October 26, 2012

The Jesuit Center at Loyola University New Orleans presents “A Night of Hope,” a concert by inspirational Catholic musician and speaker Tony Melendez, a Nicaraguan guitarist and vocalist born without arms and with a club foot. The concert, part of Loyola Week’s Centennial celebrations, takes place Wednesday, Nov. 7 at 6 p.m. in Louis J. Roussel Performance Hall. Reserved tickets are $10, $5 for Loyola faculty, staff and students. Group tickets are also available. For tickets, visit www.etix.com. For more information, visit http://mm.loyno.edu/jesuit-center/night-hope-tony-melendez or call 504-865-2304.

Melendez was born without arms due to complications from his mother being prescribed thalidomide, a drug used to help calm morning sickness during pregnancy. He was brought to the Los Angeles area from Nicaragua to be fitted with artificial arms. He wore them until he was 10, when he disposed of them. “I didn’t feel comfortable,” Melendez explained, “I could use my feet so much more.”

Despite his disability, Melendez started experimenting with different instruments in high school, including a push button organ, harmonica and guitar. Around this time, he also began writing his own songs and became involved with the Catholic Church, and even considered becoming a priest.

Demand for his skills as a guitarist and composer for Masses and church-related events increased. In 1987, Melendez caught the attention of someone organizing activities for the visit of Pope John Paul II and accepted an invitation to perform for him.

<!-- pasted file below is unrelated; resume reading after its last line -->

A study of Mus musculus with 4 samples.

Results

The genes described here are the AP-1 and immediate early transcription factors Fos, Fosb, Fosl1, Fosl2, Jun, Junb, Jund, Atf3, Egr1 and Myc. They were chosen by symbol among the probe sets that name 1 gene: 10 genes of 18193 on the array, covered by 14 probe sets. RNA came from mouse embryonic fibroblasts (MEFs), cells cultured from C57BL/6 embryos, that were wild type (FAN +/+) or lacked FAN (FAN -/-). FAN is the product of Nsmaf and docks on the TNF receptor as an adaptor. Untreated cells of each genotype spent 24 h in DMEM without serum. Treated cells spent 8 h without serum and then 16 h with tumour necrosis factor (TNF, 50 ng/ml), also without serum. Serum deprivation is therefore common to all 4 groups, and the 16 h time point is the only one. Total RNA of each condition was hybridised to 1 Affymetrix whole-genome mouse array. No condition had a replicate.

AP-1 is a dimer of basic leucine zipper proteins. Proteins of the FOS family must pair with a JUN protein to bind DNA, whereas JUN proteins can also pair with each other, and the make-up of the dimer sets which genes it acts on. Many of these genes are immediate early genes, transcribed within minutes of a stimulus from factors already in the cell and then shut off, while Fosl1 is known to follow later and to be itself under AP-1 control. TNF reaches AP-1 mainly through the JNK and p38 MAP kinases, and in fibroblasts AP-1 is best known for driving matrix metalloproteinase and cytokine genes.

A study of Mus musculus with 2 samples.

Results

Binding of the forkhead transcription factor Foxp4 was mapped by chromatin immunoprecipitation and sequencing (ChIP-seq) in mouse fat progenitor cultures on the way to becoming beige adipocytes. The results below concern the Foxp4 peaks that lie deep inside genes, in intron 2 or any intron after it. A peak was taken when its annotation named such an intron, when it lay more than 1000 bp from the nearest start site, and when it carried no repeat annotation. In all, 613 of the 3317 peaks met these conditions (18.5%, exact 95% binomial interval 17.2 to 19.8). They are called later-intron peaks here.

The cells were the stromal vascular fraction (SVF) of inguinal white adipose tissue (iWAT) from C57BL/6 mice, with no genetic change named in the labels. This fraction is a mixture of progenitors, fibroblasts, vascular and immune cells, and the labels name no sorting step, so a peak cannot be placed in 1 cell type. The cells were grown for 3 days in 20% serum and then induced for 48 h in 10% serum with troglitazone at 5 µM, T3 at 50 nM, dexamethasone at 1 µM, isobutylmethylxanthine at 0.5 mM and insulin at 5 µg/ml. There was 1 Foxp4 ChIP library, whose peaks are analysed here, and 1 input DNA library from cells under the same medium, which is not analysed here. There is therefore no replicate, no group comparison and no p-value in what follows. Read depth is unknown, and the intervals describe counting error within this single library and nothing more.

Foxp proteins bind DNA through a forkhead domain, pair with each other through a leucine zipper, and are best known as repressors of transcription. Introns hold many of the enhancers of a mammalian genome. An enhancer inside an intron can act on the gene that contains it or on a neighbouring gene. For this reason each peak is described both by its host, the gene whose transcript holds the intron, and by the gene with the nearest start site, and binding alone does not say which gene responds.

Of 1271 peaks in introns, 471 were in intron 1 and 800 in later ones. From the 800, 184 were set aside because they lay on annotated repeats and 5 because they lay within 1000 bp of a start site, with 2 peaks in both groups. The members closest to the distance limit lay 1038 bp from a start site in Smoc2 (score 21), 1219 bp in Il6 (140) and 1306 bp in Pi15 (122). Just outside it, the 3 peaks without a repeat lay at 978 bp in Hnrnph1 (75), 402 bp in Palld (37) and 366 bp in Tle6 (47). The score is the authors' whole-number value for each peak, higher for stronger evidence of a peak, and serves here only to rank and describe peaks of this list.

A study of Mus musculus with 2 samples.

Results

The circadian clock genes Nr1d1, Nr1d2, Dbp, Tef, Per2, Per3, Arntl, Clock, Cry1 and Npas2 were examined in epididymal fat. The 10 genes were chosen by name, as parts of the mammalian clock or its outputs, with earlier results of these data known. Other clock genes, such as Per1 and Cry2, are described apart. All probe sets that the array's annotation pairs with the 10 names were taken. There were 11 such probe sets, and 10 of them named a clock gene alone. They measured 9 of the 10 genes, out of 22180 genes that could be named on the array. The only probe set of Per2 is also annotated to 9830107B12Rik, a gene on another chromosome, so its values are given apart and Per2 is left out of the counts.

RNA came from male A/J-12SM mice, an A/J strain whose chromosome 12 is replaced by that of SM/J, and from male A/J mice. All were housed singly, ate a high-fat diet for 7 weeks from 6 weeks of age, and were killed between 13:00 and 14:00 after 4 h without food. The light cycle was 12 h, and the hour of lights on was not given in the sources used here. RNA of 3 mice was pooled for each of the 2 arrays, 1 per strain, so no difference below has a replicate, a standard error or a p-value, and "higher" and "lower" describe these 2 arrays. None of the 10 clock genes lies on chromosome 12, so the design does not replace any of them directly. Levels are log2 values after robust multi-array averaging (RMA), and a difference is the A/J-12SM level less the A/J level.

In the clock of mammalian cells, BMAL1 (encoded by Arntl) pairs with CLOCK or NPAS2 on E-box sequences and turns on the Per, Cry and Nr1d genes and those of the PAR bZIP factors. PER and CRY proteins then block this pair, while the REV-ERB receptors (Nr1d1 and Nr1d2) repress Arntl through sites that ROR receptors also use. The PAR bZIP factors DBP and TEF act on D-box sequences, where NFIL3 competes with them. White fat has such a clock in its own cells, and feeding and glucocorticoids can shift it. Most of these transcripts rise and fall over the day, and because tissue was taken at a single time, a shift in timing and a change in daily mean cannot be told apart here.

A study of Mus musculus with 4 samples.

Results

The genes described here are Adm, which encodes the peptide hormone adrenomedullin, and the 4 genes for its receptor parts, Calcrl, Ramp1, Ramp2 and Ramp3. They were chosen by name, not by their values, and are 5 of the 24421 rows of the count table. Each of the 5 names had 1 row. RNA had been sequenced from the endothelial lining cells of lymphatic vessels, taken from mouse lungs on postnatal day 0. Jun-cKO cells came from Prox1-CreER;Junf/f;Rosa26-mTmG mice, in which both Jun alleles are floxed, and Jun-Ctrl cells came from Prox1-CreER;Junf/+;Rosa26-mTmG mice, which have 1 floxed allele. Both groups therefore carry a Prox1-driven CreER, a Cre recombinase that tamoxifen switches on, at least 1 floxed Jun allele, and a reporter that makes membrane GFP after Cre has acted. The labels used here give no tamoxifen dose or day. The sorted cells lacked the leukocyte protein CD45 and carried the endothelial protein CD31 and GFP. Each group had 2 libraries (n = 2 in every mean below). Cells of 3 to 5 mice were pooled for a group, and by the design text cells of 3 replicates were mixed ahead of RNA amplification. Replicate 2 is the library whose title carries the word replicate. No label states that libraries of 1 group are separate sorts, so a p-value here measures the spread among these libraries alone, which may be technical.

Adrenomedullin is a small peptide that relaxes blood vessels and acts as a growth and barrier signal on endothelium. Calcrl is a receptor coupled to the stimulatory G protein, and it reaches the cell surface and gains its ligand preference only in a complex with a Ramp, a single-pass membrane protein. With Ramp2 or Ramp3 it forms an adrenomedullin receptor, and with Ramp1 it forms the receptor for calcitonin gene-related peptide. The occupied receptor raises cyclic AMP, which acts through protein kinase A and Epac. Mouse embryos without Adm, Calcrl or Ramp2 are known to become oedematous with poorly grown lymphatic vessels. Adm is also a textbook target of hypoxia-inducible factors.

Since then, Melendez has traveled across the United States and 40 foreign countries, making countless television appearances, including The Today Show, Good Morning America, CBS This Morning, The 700 Club, Robert Schuller, and various prime-time network specials. He also performed at the 1989 World Series, where he sang the national anthem for the fifth game of the series. Melendez has had the opportunity to give four additional performances for the pope, twice in the Vatican and once in the pope’s homeland of Poland, and in Denver, Colo. for World Youth Day 1993.

Melendez has been the recipient of numerous awards and honors, including special commendations from President Reagan, the state of California, Variety Clubs of America, Very Special Arts, the city of Los Angeles, and countless other civic and charitable organizations. He also received the first annual Inspirational Hero Award from the NFL Alumni Association at Super Bowl XXIII in Miami. In 1989, Melendez wrote his best-selling autobiography, “A Gift of Hope,” and recorded his first album, a collection of contemporary Christian songs, “Never Be the Same,” which resulted in nominations for Best New Artist of the Year from Cashbox Magazine and the Gospel Music Association.

The first week of November marks Loyola Week, a series of events, activities and exhibits that celebrate the rich Jesuit heritage of Loyola University New Orleans. The week of activities will run Sunday, Nov. 4 to Saturday, Nov. 10, and is presented by the Jesuit Center and the Student Government Association.

For more information, contact the Jesuit Center at 504-865-2304 or jesuit@loyno.edu.